George Steinbrenner would have paid Robinson Cano. So it's a good thing for the New York Yankees that Hal Steinbrenner, the team's current owner, is not his father. Because in five or six years, when Cano is 36 or 37 years old and probably struggling to earn $24 million a year and there's still four or five years left on the $240 million contract he signed with the Seattle Mariners on Friday, the Yankees won't have to be wondering how they got here — again — and how they'll get out of it.
The Yankees have been down this expensive road before. With Alex Rodriguez, for $275 million. With CC Sabathia for $182 million. With Mark Teixeira, for $180 million. They've even taken on the likes of Vernon Wells and Alfonso Soriano at the end of their megadeals when no one else wanted to afford them anymore. They've seen what's happening with Albert Pujols and Josh Hamilton in Los Angeles.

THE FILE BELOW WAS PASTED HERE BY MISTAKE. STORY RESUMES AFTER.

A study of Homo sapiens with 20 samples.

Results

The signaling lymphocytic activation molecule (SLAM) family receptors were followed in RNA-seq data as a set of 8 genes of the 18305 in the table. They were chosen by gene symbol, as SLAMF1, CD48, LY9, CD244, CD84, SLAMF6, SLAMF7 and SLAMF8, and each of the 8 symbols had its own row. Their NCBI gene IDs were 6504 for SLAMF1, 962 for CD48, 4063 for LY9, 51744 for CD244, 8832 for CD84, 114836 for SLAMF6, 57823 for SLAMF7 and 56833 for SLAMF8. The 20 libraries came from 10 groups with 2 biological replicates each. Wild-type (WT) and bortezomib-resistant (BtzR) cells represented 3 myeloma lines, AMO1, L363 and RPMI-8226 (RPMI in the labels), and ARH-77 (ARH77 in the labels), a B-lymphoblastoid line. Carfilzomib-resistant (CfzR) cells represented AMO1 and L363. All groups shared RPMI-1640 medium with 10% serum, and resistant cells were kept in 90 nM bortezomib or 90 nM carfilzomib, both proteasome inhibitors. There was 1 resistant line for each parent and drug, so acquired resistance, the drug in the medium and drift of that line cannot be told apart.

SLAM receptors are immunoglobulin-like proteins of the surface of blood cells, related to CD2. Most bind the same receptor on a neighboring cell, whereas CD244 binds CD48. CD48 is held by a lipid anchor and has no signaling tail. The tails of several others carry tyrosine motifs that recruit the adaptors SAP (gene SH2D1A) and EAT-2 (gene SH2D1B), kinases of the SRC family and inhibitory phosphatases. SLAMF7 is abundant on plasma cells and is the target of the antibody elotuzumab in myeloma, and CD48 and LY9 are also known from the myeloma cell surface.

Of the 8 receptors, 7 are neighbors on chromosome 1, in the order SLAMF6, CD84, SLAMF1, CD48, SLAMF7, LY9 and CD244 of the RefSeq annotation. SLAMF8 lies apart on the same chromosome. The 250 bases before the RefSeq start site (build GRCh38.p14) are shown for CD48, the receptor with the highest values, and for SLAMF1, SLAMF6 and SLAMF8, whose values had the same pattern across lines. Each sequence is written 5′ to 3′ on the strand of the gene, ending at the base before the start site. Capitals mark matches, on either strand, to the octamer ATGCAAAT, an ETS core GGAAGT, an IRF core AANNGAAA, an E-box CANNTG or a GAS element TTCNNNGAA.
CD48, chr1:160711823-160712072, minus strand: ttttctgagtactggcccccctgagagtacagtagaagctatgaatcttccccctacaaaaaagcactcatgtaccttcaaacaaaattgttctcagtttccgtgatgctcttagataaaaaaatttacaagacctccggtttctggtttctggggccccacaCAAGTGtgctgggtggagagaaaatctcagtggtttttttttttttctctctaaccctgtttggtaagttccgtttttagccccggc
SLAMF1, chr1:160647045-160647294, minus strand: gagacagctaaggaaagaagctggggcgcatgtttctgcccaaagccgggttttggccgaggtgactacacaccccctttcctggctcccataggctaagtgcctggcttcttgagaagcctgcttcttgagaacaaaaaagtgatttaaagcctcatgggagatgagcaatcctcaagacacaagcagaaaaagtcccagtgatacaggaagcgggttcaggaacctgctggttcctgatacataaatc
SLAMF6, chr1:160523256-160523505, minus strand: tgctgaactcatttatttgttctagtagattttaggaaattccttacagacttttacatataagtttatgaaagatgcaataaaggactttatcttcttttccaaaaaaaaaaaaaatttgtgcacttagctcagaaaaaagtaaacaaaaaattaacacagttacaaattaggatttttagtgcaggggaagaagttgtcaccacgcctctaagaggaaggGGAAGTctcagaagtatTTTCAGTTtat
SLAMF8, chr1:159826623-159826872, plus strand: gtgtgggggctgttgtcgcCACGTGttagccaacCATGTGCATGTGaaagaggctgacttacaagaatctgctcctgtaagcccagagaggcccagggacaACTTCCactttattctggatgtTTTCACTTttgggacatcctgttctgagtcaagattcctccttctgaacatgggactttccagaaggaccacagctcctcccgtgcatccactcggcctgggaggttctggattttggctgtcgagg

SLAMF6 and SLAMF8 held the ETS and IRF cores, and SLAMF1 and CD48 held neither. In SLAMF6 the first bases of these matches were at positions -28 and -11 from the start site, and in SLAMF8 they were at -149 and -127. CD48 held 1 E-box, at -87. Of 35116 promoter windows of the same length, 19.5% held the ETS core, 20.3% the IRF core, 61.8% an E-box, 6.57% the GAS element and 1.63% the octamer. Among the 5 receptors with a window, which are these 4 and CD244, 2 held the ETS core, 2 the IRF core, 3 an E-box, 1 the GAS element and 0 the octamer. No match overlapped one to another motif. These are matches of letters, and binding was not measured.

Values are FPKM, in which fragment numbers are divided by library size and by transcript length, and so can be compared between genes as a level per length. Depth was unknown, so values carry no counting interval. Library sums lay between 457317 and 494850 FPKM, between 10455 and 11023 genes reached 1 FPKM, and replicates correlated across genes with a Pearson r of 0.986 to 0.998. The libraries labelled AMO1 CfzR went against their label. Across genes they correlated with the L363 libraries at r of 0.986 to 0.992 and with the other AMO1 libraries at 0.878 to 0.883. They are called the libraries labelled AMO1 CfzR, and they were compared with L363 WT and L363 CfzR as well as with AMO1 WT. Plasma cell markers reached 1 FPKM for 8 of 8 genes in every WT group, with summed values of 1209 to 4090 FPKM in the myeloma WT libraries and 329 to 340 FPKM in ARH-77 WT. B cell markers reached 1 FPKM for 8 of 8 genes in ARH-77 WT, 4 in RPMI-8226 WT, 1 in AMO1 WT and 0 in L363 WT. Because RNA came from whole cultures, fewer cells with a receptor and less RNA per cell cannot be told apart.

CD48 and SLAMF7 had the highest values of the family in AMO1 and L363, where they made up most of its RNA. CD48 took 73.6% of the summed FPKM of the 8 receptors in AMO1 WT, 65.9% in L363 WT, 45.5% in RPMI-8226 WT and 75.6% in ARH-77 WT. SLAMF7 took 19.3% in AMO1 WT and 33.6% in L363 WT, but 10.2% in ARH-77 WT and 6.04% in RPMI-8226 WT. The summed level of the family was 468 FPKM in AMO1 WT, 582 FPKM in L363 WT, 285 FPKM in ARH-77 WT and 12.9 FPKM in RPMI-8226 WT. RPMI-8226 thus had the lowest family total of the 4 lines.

By letting Cano go to the M's, the Yankees actually exercised some ... financial restraint. It's kind of miraculous. Now, they're not exactly undergoing an austerity program; They signed Jacoby Ellsbury for $153 million earlier this week. And other expensive players surely will take Cano's place. But a $240 million road can be much rockier. And if anyone wants to complain about "baseball's escalating salaries," don't look in New York's direction. It wasn't them this time.
The Yankees still have many holes and plugging them will require much money — which they also have. They'll just be able to spread it around a little better.